Friday is One Boston Day - a bit of the good that came from the tragedy of the Boston Marathon bombings.
Thursday night, a symbol from that awful day is back home in Boston.
It's an iconic image that lives in Boston history - Carlos Arredondo, in his signature cowboy hat, helping runner Jeff Bauman after the twin explosions at the 2013 Boston Marathon.
"Strength can come even when there is sorrow," Grilk said. "That resiliency is what carries us through in the worst and darkest of moments."
In the wake of the bombings, Mayor Marty Walsh declared April 15 One Boston Day - a day to reach out and help others. Taking something good from the worst of situations.
"It's something that we have to live with, and this makes me proud to be in Boston and having this kind of event once again year after year," said Arredondo.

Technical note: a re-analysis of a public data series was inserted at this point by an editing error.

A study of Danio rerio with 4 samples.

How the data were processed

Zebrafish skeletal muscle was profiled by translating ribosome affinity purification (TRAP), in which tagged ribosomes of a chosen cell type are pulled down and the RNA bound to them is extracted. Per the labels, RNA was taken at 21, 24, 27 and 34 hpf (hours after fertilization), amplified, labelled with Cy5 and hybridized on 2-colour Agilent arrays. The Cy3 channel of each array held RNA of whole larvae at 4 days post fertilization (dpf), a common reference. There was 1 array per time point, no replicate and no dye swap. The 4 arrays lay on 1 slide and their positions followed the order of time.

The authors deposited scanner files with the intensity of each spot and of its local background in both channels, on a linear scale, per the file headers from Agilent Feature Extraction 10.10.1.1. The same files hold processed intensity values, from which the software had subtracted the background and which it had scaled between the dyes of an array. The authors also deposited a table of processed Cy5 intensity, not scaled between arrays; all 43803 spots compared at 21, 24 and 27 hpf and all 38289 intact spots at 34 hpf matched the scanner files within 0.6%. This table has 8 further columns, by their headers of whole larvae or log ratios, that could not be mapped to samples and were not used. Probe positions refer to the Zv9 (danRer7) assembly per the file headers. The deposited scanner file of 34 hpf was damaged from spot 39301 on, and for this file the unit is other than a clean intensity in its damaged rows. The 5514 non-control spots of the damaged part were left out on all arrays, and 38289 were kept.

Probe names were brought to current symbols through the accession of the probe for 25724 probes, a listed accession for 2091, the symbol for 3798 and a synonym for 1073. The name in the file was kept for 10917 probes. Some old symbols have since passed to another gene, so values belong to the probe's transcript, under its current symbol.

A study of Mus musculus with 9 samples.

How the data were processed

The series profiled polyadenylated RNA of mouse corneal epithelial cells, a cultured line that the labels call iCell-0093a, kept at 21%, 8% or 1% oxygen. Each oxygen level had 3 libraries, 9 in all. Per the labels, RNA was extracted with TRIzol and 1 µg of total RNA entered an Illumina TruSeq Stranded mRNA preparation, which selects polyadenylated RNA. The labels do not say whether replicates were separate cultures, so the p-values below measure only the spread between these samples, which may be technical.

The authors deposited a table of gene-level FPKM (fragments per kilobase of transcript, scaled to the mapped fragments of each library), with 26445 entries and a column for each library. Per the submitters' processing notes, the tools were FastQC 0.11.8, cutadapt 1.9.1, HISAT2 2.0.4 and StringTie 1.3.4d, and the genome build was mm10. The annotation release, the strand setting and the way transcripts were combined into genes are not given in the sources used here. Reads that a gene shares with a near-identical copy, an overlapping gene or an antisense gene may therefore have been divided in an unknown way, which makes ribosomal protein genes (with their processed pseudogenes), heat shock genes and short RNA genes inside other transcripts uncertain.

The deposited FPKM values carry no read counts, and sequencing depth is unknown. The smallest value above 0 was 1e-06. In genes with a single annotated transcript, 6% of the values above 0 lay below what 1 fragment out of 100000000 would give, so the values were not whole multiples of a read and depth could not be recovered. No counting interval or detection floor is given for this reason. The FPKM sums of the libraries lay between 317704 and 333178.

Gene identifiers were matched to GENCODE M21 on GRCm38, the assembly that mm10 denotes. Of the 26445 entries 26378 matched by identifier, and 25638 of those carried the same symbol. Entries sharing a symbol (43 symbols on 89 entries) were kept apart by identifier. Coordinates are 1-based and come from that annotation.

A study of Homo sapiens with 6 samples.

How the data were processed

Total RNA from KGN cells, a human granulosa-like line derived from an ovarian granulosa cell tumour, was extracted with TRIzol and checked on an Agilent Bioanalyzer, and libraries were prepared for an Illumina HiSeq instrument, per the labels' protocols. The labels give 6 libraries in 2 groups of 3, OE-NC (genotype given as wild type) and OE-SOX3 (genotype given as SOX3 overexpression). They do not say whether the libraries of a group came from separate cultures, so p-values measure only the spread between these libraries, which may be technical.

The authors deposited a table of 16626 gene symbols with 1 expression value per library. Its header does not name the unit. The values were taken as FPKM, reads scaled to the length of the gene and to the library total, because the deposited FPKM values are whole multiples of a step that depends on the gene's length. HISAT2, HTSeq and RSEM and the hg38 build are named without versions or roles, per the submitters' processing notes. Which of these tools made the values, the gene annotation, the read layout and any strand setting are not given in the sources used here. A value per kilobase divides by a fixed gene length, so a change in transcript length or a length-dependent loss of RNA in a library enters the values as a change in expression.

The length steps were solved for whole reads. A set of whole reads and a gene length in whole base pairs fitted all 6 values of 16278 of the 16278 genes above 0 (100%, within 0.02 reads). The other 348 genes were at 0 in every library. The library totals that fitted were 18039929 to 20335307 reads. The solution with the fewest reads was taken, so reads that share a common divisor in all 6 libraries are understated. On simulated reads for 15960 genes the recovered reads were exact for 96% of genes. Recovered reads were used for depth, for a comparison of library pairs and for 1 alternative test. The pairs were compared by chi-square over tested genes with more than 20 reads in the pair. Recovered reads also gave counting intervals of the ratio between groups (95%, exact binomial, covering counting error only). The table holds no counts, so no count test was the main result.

The Boston Marathon was forever changed by those blasts in 2013. Scott Weisberg crossed the finish line seconds before the first explosion.
"2014-15 coming back," said Weisberg. "Noticing the whole camaraderie of the people was very passionate. It had a lot of emotion. It just felt like this whole city was behind this event and we're not going to allow this event to ruin this."
Johanna Hantel was a few yards from the finish when the bombs went off. She says despite it all, the marathon is still the marathon.
"I still think it's the goal of every runner," she said. "Every runner still wants to come to Boston."
Arredondo's hat had been on display at the Crime Museum in Washington along with items from the 2013 Marathon. He says they were happy to return it to him so it can be displayed here.